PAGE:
Cinematographer Halyna Hutchins’ tragic on-set death has once again sparked a debate on how guns should be used while filming, and Eliza Hutton — who lost her fiancé in a similar accident almost three decades ago — is now weighing in.
For those who don’t know, Brandon Lee was killed on the final week of filming the movie The Crow in March 1993, when another actor shot him using a gun that was loaded with blanks — but also part of a dummy bullet from a previous scene. To make matters even more tragic, Lee was set to marry Hutton just a few weeks later, on April 17.
So it’s no surprise that Eliza is urging the powers that be to make changes when it comes to using guns on set in the wake of the “avoidable tragedy” on the set of Alec Baldwin’s film last week. Breaking her 28-year silence, the 57-year-old told People:
“Twenty eight years ago, I was shattered by the shock and grief of losing the love of my life, Brandon Lee, so senselessly. My heart aches again now for Halyna Hutchins’ husband and son, and for all those left in the wake of this avoidable tragedy. I urge those in positions to make change to consider alternatives to real guns on sets.”
Hutton seemingly referenced the accident that killed Hutchins and wounded director Joel Souza earlier this week by taking to her private Instagram account to post a pic of herself with Brandon, who was the son of martial arts star Bruce Lee, in Venice, Italy, when they got engaged in October 1992. She wrote in the caption:
“There’s no such thing as a prop gun.”
What she means is, “prop gun” is widely used as a term for any gun used as a prop in a film or TV production and does NOT refer to whether it’s still a deadly weapon.
Moreover, Brandon’s sister Shannon Lee broke her silence on the Rust shooting on Friday. She wrote on her brother’s Twitter page, where she tweets on behalf of his legacy:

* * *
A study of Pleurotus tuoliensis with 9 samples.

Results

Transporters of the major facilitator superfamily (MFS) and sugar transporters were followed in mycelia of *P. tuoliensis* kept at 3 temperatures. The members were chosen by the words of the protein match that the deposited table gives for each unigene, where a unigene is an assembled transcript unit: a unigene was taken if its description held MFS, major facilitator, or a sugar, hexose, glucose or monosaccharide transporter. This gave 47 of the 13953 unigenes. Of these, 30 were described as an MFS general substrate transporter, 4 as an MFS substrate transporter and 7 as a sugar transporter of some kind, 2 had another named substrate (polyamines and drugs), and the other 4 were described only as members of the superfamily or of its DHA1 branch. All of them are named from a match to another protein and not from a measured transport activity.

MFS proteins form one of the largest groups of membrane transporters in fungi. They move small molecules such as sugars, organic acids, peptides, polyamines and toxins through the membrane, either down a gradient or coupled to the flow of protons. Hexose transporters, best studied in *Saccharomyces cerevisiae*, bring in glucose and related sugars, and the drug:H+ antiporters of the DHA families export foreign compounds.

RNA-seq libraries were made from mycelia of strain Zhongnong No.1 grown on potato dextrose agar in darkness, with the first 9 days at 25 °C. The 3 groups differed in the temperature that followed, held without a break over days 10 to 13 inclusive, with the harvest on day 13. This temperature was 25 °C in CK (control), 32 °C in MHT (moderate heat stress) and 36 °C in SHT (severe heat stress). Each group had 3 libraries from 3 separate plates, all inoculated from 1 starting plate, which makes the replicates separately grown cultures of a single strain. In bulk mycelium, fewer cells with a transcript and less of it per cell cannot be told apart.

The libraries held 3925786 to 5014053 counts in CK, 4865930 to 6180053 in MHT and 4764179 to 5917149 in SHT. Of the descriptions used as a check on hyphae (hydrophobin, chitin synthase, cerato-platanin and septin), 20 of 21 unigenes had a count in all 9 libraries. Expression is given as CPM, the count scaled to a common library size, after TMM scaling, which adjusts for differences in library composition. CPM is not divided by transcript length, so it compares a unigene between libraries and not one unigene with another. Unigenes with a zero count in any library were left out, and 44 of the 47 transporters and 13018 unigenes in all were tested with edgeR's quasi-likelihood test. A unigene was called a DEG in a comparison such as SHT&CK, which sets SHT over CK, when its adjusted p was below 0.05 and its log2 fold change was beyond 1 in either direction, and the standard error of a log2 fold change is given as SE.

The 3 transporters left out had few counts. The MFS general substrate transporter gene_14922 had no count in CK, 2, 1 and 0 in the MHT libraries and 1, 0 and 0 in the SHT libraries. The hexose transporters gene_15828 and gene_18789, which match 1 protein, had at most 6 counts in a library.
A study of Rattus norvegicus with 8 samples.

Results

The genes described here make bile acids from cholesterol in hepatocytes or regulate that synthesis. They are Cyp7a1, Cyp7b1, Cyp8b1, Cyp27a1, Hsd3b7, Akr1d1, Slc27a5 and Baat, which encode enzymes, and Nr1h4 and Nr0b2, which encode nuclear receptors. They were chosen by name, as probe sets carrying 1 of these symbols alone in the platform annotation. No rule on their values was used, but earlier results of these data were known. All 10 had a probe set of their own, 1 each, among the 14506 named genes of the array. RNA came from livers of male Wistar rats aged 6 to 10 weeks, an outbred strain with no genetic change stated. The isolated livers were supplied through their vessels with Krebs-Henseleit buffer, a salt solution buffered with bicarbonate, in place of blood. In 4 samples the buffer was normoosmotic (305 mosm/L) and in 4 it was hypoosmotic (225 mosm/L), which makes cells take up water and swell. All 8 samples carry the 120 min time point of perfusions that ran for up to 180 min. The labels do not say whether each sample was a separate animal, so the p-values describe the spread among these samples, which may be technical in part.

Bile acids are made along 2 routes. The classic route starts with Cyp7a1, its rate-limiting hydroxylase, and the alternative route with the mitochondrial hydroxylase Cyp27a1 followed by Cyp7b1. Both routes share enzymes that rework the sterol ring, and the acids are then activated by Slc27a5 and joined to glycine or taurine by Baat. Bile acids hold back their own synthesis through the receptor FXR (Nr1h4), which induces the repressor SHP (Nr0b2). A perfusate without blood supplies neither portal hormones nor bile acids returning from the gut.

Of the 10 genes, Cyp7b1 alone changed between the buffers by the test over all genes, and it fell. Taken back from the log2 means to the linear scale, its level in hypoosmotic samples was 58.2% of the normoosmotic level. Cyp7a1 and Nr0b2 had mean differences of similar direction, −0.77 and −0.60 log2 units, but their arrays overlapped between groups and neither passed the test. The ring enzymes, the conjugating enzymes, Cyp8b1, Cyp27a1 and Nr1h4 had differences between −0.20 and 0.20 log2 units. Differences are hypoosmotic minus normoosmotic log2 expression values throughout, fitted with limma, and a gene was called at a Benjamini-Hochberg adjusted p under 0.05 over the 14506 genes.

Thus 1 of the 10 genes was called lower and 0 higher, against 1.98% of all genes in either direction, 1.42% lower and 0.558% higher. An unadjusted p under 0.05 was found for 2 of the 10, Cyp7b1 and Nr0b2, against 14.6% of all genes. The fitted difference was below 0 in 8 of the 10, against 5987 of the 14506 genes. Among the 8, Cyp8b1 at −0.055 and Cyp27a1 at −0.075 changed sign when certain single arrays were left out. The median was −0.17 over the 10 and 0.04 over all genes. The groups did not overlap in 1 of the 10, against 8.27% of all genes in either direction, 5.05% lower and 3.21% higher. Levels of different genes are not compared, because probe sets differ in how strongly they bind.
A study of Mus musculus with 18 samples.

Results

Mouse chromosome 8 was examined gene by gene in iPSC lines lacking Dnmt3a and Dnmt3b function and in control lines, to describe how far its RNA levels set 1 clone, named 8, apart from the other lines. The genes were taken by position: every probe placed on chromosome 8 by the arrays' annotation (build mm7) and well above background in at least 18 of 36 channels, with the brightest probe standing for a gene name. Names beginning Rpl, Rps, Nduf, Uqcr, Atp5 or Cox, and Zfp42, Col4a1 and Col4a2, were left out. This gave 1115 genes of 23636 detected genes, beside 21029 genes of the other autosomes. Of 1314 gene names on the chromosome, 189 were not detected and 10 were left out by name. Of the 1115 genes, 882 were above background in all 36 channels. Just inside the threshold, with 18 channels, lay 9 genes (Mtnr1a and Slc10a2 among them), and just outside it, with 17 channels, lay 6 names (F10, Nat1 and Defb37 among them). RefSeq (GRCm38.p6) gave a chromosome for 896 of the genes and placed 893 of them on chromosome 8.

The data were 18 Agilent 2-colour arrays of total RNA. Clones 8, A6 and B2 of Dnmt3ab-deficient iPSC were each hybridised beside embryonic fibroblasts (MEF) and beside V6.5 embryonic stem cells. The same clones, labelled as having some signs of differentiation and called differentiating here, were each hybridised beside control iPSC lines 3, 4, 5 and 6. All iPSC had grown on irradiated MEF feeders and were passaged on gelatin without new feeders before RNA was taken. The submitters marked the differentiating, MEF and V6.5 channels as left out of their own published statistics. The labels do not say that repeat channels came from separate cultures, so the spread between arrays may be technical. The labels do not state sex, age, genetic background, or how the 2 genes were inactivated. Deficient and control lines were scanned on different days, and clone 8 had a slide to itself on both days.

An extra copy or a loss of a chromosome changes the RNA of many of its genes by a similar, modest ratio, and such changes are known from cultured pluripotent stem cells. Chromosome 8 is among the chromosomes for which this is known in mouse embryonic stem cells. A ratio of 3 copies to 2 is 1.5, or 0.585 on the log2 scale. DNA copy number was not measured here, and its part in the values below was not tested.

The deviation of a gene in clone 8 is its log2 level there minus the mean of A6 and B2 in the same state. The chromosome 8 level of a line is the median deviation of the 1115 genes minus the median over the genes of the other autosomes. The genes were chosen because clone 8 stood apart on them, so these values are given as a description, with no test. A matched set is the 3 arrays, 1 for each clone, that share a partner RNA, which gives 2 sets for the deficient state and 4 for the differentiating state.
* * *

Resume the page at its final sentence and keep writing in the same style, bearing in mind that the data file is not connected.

“Our hearts go out to the family of Halyna Hutchins and to Joel Souza and all involved in the incident on Rust. No one should ever be killed by a gun on a film set. Period “
As authorities continue to investigate what happened on the Rust set, and industry professionals point the blame at who they think was responsible for the accident, a Change.org petition has been launched calling for the ban of all real firearms on film and TV productions.
The petition was created by director Bandar Albuliwi, an alumnus from the American Film Institute Conservatory, where Hutchins also graduated from. The page reads:
“Halyna was a talented cinematographer and a good friend whose life was taken tragically due to a real firearm being used on set. We need to make sure this never happens again. There is no excuse for something like this to happen in the 21st century. Real guns are no longer needed on film production sets. Change needs to happen before additional talented lives are lost.”
As of this writing, the petition has been signed by over 53,000 people out of the 75,000 requested signatures.
While that’s definitely one solution, others are focusing on the fact that accidents like these wouldn’t happen if crew members didn’t neglect and ignore safety regulations, which seemed to be the case for the Rust shooting — just like it was on the set of The Crow.
What do YOU think should be done to keep film and TV sets safer??